So, when exactly did the United States government become dangerously corrupt? Rather ironically, through the United States Attorney’s Office, the Department of Justice has a specific division for “fraud and public corruption.”
Most Americans believe that serious government corruption is confined to dictatorial regimes in the third world. Sadly, corruption within the government may be as bad in the United States as it is in the worst of dictatorships.
No one has really pinpointed precisely why. Some feel it’s an inherent narcissistic, self-absorbed personality type that infiltrates high-level law enforcement positions. Since these people are actually “employees of the people,” one might assume that high integrity would be the norm.
Within the rank-and-file members of federal law enforcement and the justice department, there are dedicated, honest people. Nevertheless, the higher echelons of U.S. law enforcement and intelligence have been disturbingly riddled with corruption.
One agency notorious for having rumors of corruption is the Central Intelligence Agency. The CIA is easily the most secretive and certainly the most powerful investigatory entity in the world. Only the Soviet Union’s former KGB could even rival the CIA for power.
Much of what the CIA has done is shrouded in secrecy and has been for decades. By the time the American public becomes aware of any crooked schemes within the world’s most prolific intelligence agency, it’s too late to hold anyone accountable.
Much of the time, those involved are dead. It’s profoundly difficult to hold a dead person accountable. One glaring example of potential CIA corruption involves two of the biggest scandals in U.S. political history.
The two are tightly linked, albeit more than a decade apart. One is the assassination of a U.S. president, and the other involves one of the biggest political scandals ever. A key figure is at the center of both. Richard Milhous Nixon was a prominent figure in U.S. politics for decades.
He was the Republican presidential nominee that lost to the eventual winner John F. Kennedy. Nixon had served as President Dwight D. Eisenhower’s vice president for eight years prior to losing to Kennedy.
He was a U.S. Senator for three years before becoming Eisenhower’s running mate, and a California congressman before that. Nixon was deeply embedded in U.S. political affairs when the 35th president was shot in Dallas, Texas.
If anyone knew things, it would have been Richard Nixon. Now, let’s fast-forward to the early 1970s. Nixon finally reached his ultimate goal. He was elected president. But his tenure ended as tumultuously as any president’s before him.
A group of individuals broke into the Democrat Party’s national headquarters. The scandal was given the now-infamous name “Watergate.” Watergate donned then-president Nixon for the rest of his shortened term.
In August 1974, he became the first and only U.S. president to resign from office. But so much of Nixon’s political career is still shrouded in mystery. There are still questions about whether he even knew about Watergate before it happened.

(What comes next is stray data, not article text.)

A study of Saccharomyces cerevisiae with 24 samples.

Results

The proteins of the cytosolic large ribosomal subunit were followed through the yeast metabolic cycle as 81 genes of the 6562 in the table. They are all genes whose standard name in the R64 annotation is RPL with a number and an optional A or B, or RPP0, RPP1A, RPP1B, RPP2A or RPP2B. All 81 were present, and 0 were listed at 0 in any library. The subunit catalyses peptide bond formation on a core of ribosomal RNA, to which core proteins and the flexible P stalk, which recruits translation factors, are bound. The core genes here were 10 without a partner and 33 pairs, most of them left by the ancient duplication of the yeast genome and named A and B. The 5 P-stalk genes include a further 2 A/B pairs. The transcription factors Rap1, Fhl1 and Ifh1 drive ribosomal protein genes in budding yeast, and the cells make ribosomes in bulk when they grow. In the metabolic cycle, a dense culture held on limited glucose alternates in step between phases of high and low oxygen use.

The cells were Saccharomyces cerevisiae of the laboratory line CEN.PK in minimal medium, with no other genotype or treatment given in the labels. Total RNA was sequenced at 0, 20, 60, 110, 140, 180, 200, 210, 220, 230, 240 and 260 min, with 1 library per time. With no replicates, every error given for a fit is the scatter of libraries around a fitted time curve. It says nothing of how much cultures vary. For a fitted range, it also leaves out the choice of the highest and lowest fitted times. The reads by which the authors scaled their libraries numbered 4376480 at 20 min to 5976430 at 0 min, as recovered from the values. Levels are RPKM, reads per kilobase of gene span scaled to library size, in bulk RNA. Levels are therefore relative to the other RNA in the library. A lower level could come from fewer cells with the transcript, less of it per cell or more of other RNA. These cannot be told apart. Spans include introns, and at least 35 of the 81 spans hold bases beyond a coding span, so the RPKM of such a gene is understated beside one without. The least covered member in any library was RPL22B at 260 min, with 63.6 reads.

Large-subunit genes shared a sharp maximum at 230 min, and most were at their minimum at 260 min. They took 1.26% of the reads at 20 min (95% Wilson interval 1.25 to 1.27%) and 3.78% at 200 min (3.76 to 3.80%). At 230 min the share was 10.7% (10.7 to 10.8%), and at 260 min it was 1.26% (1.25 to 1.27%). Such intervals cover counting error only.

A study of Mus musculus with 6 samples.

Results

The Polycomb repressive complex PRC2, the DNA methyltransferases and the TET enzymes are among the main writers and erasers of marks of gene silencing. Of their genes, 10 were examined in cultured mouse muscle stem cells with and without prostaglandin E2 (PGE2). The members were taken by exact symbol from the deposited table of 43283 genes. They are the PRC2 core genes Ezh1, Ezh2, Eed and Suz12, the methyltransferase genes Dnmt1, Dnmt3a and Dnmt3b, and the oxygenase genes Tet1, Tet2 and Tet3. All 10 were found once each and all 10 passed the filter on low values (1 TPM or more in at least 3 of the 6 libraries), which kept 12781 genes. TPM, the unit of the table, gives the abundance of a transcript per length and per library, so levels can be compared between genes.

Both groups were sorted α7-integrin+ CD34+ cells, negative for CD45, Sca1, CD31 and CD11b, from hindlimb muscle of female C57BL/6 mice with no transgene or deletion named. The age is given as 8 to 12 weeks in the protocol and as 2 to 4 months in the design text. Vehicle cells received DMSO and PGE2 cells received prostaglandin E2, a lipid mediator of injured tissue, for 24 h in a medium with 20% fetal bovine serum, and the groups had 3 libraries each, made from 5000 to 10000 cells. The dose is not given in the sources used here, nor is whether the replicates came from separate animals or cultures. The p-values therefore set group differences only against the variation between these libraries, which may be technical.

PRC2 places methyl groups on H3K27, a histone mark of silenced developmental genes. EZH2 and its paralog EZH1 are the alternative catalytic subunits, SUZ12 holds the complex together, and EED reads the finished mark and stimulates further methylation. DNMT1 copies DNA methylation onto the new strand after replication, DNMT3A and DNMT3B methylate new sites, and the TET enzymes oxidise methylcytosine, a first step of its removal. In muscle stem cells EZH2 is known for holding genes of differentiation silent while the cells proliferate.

Others insist he directed the break-in. But when former President Trump consented to the release of documents pertaining to the assassination of President Kennedy, odd details about Watergate surfaced as well.
For decades, experts did not believe Kennedy’s murder was an accident. Many staunchly believe that the U.S. government had a hand in the assassination. Some said it was a coup orchestrated by the CIA.
No one ever knew for certain. But a chunk of information contained in the Watergate scandal reveals some startling information. One particular tape from the Watergate-era is stunning. The tape has Nixon claiming, “I know who shot John.”
But when Nixon spoke these words, he was probably unaware that at least four of the Watergate burglars were still on the CIA payroll. That means Watergate Special Prosecutor Nick Akerman was aware of both the CIA’s advance knowledge and involvement in the break-in.
There were members of the Senate Watergate Committee who were denied the right to publish a minority report about the investigation. Much of this curious infiltration by the CIA would have been exposed.
Reports insist that Nixon demanded that the CIA turn over documents relating to the assassination of President Kennedy. They refused. That seems rather convenient. Over a half-century later, the same request by President Trump was denied. But why?
One would think that the leading democratic nation in the world would, at the very least, rank as one of the most honest. The U.S. does not. To be ranked as only the 25th least corrupt nation is problematic. But what will it take to clean up the corruption within the U.S. government?
Is it even possible? Transparency is vital. Consequences for violating the rule of law are as well critical. Without a transparent federal government that is held accountable for corruption, all trust in the democratic process erodes. If it deteriorates too much, democracy will crumble.